04:28 GMT +322 July 2018

    'Classy As Always China': US DIA Tweets, Deletes, Apologizes


    The arrival of US President in Hangzhou for the international G-20 summit was marked with controversy over China's inhospitality. Unpleasant incidents reportedly came one after another, stirring frustration among both US and Chinese delegates.

    It all started with reports that no rolling staircase was prepared for Obama to gracefully exit Air Force One and descend on the red carpet. However, a Chinese foreign ministry official later said that the accusations were groundless as it was the US side that decided they didn't need a staircase because the driver didn't speak English and couldn't understand security instructions.

    But when the US head of state eventually took off the plane from an alternative exit, US journalists were not allowed to approach him. White House officials wouldn't back down and insisted the US would set the rules for its own leader, but received a sharp response from the member of Chinese delegation: "This is our country! This is our airport!"

    A Chinese official demanded that reporters leave the landing strip and even tried to keep Obama's national security adviser, Susan Rice, and her deputy, Ben Rhodes, away from the president.

    And there was more to come, as tensions escalated after Obama started his program of meetings in Hangzhou. Arguments between Chinese and US officials reportedly broke out and nearly led to a fistfight in a room where Barack Obama was expected to negotiate with his Chinese counterpart Xi Jinping.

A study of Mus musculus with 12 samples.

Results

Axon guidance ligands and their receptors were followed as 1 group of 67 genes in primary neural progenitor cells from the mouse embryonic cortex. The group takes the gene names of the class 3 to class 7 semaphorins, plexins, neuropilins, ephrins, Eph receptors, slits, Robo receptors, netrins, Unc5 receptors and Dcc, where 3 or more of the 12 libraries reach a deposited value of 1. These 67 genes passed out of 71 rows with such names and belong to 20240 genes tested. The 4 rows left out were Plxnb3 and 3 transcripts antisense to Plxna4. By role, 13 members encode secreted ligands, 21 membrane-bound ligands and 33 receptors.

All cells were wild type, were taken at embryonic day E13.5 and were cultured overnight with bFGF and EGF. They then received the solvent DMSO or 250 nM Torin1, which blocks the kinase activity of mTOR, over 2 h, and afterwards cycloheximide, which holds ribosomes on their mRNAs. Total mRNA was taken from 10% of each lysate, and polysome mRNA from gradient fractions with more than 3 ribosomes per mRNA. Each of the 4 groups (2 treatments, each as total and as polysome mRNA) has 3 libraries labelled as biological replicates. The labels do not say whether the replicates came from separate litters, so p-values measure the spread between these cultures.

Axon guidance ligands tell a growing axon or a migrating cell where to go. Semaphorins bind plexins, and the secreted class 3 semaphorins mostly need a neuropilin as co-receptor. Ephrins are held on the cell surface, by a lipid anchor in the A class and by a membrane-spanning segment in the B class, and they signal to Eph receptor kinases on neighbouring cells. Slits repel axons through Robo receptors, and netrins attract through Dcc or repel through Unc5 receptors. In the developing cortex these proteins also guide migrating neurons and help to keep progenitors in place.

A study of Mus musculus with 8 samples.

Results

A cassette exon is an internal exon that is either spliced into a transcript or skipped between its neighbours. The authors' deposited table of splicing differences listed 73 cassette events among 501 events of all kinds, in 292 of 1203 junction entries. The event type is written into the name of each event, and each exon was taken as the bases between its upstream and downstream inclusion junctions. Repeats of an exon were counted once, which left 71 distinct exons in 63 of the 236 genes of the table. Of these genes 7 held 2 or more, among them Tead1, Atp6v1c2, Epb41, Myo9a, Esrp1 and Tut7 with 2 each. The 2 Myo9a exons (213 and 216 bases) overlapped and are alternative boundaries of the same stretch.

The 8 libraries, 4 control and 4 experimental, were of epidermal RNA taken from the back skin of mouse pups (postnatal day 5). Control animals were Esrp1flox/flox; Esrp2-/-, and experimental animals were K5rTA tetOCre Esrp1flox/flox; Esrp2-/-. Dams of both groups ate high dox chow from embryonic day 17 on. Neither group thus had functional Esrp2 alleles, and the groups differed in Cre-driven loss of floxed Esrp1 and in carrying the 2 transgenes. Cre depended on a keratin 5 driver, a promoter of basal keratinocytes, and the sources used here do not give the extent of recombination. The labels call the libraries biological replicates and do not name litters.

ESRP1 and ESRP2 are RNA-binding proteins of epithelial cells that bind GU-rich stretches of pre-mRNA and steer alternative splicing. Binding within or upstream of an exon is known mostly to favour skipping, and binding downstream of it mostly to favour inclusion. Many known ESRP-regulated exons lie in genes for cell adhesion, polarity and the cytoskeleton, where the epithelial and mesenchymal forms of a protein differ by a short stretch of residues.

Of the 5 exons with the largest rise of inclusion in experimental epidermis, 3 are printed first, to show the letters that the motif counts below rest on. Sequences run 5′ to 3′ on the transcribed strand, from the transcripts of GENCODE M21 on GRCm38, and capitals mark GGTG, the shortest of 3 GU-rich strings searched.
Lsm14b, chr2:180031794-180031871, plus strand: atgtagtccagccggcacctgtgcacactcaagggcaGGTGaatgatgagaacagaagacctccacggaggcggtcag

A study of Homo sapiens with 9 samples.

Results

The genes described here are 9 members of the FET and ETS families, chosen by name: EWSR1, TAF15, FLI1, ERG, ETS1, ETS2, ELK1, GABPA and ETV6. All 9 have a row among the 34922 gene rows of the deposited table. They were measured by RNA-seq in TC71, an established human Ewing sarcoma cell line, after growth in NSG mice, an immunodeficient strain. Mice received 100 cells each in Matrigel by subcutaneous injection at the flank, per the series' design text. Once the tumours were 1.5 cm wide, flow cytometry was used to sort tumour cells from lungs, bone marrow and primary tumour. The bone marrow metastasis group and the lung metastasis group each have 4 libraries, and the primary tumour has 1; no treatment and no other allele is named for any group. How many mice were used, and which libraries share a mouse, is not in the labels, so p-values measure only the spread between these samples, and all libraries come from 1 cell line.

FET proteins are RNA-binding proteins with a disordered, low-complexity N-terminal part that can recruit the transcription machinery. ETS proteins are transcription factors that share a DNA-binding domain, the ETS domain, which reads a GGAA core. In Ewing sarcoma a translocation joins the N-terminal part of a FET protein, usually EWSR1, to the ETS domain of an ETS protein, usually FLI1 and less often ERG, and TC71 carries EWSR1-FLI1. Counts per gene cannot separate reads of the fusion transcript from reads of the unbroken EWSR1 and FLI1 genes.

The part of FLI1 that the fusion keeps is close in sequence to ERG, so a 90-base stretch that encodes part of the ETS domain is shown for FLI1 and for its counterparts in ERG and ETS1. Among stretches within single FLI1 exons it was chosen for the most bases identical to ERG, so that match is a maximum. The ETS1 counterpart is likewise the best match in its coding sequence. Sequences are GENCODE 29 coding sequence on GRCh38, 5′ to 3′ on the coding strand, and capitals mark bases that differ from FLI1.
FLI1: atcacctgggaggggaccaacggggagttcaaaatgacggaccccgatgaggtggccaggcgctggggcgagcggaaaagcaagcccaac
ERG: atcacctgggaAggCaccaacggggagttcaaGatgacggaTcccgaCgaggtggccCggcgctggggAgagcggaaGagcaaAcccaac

Someone in the US Defense Intelligence Agency took the New York Times' report about the continuous confrontation to heart, as the spy agency's official Twitter account on Saturday spit out a sarcastic "Classy as always China".

    But, whoever the author of the straightforward tweet was — apparently someone responsible for DIA's activity in social media — it looks like he forgot to ask for approval from the bosses. The tweet was immediately deleted and replaced with a different one that read:

    "Earlier today, a tweet regarding a news article was mistakenly posted from this account & does not represent the views of DIA. We apologize."

    Several US media outlets wrote that the series of quarrels between US and Chinese officials in Hangzhou was a reflection of a growing gap between the two countries, and more than DIA's apology is needed to mend it.